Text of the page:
Stop, drop, and cook poached eggs aren’t as hard as they look
EC: Perfect Poached Eggs, No Special Gadgets Required
Credit: Photo by jodiejohnson via Getty Images

I made my first few poached eggs this winter. OK, truthfully I’ve been making poached eggs for years, but I’ve always had help. I’ve used a poached egg pan to make six eerily perfect poached eggs at a time and I’ve held eggs perched on a large spoon under boiling water. I’ve even tied eggs into plastic wrap bundles and tossed them into a pot, completely flippant about melted plastic chemicals leaching into my poached eggs. I’d made a few unaided poached eggs by swirling the water in the pan, but the whirlpool method really only works for one egg at a time. It wasn’t until egg day at my culinary program—and yes, that was actually six straight hours of cooking every egg dish one could possibly imagine—that I made completely perfect poached eggs without utensils, fancy cookware, or whirlpools. The secret lies in the water temperature, and a little bit on the egg-poacher’s confidence to succeed.

To make these stop, drop, and cook poached eggs, fIll a 3-quart saucepan very full with water and place it on the stove over high heat. Bring the water to a rolling boil. While the water is boiling, crack an egg into a small bowl and line a clean plate with paper towels. When the water comes to a boil, pour 2 tablespoons of white vinegar into the pot. If you’re about to shout “But I despise when I get my poached eggs and they taste like vinegar! What kind of monster are you?” let me finish. Adding vinegar to the water helps egg whites set, which in turn makes successful poached eggs. The brunch spot where you get your poached eggs probably uses a lot more than 2 tablespoons of vinegar. That’s not what this is, so you can rest easy.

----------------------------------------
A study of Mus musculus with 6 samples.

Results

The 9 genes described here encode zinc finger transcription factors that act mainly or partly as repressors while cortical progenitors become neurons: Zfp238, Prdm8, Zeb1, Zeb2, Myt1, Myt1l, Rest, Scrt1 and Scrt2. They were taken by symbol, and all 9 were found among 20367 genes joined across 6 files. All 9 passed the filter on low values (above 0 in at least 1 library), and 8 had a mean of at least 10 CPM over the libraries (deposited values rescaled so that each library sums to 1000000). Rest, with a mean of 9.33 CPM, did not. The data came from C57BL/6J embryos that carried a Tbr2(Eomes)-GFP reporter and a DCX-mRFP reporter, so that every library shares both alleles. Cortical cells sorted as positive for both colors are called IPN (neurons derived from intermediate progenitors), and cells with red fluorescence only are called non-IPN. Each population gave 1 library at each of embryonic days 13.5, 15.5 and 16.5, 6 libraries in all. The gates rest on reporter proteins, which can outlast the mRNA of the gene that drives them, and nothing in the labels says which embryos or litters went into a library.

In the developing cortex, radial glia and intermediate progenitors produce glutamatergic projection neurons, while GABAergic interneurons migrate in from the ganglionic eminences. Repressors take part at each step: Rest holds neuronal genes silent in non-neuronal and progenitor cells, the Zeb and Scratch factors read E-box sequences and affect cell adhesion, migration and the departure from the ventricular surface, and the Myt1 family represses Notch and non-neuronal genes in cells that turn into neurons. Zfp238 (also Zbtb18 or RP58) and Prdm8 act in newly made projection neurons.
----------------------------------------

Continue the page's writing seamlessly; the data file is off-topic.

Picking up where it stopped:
Slowly pour the egg from the small bowl into the boiling water. This is either when the egg will begin to poach (go ‘head, pat yourself on the back) or when you realize that the water isn’t hot enough or is too hot, as the pan fills with feathery bits of egg white and a sad, naked yolk. If the latter happens, fish out the bits of egg and let the water come back to a rolling boil, then try again. If the former, wait 5 seconds, then immediately lower the heat to keep the water at a simmer.

Cook the egg until the whites have set and yolk is set but not hard, about 2 minutes. A good way to test this is to use a slotted spoon to gently lift egg from water. If the yolk seems very wiggly, lower the egg back into the pot. When the egg is cooked to your liking—no more than 6 minutes please, you’re not an animal—pull it from the water with the slotted spoon and place the egg on the paper towel-lined plate to soak up vinegar-water runoff. Transfer the egg to a serving plate, preferably topping an English muffin, then add a heavy pour of hollandaise sauce

This method may seem risky, but if you’re willing to wait for the water to get hot enough you can do it. If you’re feeling super confident, this method also works for cooking several eggs at a time, though perhaps using a larger stockpot if you’re planning to make more than 3 or 4 eggs. This comes in extremely handy when say, your parents come over for brunch—but make sure to practice a few times, first.